Hansen's Disease (Leprosy)

Current and Future Pharmacotherapy and Treatment of Disease-related Immunologic Reactions

Davey P. Legendre, Pharm.D.; Christina A. Muzny, M.D.; Edwin Swiatlo, M.D., Ph.D.


Pharmacotherapy. 2012;32(1):27-37. 

In This Article

Immunologic Reactions

Immunologic reactions to M. leprae antigens are generally classified as either type 1 (reversal) or type 2 (erythema nodosum leprosum [ENL]) and reflect the predominant immunologic response locally in either nerves or skin. An example of a type 1 (reversal) reaction is shown in Figure 2. Approximately one third of patients with borderline leprosy are at risk for type 1 reactions, whereas type 2 reactions affect 50% of patients with the lepromatous form and 10% of those with the borderline lepromatous form of leprosy. These reactions may be a presenting feature of the disease or occur during or after multidrug therapy.[23] These reactions have also been described in patients with human immunodeficiency virus as part of the immune reconstitution inflammatory syndrome.[24] Prompt recognition and treatment of inflammatory reactions are necessary to minimize progressive nerve damage that can occur with sustained inflammatory responses.

Figure 2.

Example of a type 1 (reversal) reaction to therapy for Hansen's disease (leprosy) appearing as skin lesions on the patient's back.

Type 1 reactions are characterized by a shift to Th1-type immune responses in the host and are associated with locally elevated levels of interferon-γ, tumor necrosis factor-α (TNF-α), interleukin-12, and inducible nitric oxide synthase.[25] This type of reaction can be seen in any type of leprosy but is uncommon in the tuberculoid form of the disease as an appropriate Th1-type immune response already exists. The diagnosis of type 1 reactions is generally made clinically; however, skin biopsy is often useful. Histologic criteria for type 1 reactions are not standardized, but common findings include dermal edema, large epithelioid granulomas, and plasma cells.[26] Skin lesions may become larger and more erythematous and may ulcerate. New or worsening symptoms of neuritis may appear and can include both motor and sensory nerve dysfunction.[23] Generalized edema may occur, but systemic symptoms are not common.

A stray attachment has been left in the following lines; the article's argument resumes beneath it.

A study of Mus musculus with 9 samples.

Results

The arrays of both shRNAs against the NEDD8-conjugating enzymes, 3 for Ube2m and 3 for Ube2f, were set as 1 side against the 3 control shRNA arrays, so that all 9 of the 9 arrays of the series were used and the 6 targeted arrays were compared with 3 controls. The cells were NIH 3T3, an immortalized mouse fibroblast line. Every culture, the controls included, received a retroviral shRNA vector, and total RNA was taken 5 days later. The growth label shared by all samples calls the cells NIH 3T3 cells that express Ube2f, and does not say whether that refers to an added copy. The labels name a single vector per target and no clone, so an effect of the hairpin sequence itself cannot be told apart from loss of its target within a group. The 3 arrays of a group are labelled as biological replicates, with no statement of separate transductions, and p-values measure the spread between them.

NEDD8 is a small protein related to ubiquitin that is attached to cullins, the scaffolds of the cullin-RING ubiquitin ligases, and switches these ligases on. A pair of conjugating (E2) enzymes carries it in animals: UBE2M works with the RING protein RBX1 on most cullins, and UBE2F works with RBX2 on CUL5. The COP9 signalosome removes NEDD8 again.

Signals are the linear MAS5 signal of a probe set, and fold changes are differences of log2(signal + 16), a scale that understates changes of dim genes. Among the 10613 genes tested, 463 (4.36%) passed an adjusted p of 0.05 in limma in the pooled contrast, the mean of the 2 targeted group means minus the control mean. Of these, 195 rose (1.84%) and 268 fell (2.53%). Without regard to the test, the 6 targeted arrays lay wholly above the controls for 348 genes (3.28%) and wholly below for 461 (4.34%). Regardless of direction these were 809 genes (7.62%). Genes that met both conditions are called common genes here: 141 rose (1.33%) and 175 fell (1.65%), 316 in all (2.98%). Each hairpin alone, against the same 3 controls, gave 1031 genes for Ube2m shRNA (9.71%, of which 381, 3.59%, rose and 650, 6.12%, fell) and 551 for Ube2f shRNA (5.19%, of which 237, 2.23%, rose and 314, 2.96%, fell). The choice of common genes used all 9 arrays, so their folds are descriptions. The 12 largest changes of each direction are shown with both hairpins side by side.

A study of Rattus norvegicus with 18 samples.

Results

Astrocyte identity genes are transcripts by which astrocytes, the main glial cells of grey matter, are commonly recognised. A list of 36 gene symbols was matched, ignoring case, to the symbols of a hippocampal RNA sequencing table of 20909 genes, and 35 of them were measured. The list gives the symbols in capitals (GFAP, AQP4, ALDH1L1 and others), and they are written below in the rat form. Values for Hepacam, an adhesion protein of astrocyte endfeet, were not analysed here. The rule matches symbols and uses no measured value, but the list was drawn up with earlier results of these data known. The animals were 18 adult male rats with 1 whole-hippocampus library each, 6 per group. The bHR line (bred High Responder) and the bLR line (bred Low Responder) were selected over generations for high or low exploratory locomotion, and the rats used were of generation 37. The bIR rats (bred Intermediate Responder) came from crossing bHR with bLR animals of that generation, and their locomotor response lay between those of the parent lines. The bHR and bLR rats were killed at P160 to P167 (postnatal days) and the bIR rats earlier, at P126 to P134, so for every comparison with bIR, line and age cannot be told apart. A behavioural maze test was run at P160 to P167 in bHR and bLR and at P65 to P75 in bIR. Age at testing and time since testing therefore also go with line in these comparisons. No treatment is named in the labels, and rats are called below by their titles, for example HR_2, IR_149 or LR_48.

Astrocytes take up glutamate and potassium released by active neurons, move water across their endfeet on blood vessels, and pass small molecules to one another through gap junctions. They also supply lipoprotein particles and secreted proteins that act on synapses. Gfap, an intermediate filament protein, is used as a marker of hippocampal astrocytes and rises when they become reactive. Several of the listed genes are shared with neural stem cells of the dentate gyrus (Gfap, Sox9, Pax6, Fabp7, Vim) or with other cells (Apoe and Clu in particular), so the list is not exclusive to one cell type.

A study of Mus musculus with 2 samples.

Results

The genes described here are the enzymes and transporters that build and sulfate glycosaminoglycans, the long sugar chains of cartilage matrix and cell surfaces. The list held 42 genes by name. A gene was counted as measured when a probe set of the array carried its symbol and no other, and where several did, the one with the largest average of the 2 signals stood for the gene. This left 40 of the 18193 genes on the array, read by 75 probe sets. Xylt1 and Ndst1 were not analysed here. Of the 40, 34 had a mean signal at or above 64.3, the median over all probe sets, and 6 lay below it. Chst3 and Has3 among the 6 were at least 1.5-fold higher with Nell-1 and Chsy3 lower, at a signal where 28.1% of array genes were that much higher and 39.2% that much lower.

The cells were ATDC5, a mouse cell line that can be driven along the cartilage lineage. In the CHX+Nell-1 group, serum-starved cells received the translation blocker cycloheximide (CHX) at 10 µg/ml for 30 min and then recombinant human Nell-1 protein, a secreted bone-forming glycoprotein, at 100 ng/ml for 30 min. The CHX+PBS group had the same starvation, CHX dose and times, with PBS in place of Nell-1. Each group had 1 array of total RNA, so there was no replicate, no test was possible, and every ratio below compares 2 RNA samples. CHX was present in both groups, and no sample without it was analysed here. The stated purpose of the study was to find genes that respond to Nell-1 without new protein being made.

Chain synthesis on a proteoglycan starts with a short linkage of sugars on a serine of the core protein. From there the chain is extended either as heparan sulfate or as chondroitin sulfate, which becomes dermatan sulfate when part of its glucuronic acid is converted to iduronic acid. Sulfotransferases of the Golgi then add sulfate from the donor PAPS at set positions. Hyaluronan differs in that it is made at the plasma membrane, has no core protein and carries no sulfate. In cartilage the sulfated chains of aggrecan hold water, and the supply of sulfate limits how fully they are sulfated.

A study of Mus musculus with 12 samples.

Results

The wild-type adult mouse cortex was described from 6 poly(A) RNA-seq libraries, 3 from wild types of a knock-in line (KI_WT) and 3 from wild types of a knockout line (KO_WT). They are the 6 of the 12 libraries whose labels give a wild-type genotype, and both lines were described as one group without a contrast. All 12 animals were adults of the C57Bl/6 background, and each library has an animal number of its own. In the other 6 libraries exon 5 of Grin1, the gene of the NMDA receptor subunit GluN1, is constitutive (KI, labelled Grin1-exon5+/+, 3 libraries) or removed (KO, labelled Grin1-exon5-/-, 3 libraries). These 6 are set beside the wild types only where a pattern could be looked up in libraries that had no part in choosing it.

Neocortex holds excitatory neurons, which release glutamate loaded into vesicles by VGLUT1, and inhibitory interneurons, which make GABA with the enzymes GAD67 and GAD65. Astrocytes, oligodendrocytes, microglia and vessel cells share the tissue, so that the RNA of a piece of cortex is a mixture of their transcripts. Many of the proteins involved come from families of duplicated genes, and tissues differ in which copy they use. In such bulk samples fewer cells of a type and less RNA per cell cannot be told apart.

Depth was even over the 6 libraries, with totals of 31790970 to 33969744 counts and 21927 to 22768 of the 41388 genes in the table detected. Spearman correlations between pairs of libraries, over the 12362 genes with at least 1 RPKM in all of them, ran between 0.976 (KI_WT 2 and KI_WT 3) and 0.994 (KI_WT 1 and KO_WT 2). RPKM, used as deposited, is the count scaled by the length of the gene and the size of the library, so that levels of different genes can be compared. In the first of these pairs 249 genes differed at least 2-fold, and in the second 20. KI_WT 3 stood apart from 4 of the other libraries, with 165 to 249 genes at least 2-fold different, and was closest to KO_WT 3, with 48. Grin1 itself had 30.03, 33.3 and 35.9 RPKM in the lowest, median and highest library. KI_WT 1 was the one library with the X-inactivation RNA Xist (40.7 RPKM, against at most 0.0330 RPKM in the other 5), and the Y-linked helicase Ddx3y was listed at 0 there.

Type 2 reactions, also known as ENL, are distinguished clinically by fever, malaise, and the rapid appearance of new subcutaneous nodules that are erythematous and quite painful.[17] These lesions are typically found on the face and extensor surfaces of the limbs, but any site of the body can be affected.[23] Painful neuritis is a common complication. Erythema nodosum leprosum is thought to be an immune complex disease with consequent activation of complement. Circulating levels of TNF-α and interferon-γ are elevated.[27] Widespread immune complex deposition can occur and cause polyarthritis, iridocyclitis, orchitis, lymphadenitis, and glumerulonephritis.[17] Peripheral leukocytosis with neutrophils is a common laboratory finding. Patients with borderline or the lepromatous form of leprosy are at highest risk for ENL because they have a higher bacteriologic index.[23]

A rare but potentially life-threatening reaction to M. leprae is erythema necroticans or Lucio's phenomenon.[28] This reaction is distinct from type 1 and 2 reactions and is characterized by necrotizing vasculitis that has been ascribed to invasion of vascular endothelium with M. leprae. Clinical manifestations include bluish or violaceous and hemorrhagic plaques, followed by necrotic ulcerations. These symptoms typically occur in the absence of systemic complaints or leukocytosis. The precise role of dysregulated immune responses in this reaction has not been fully studied.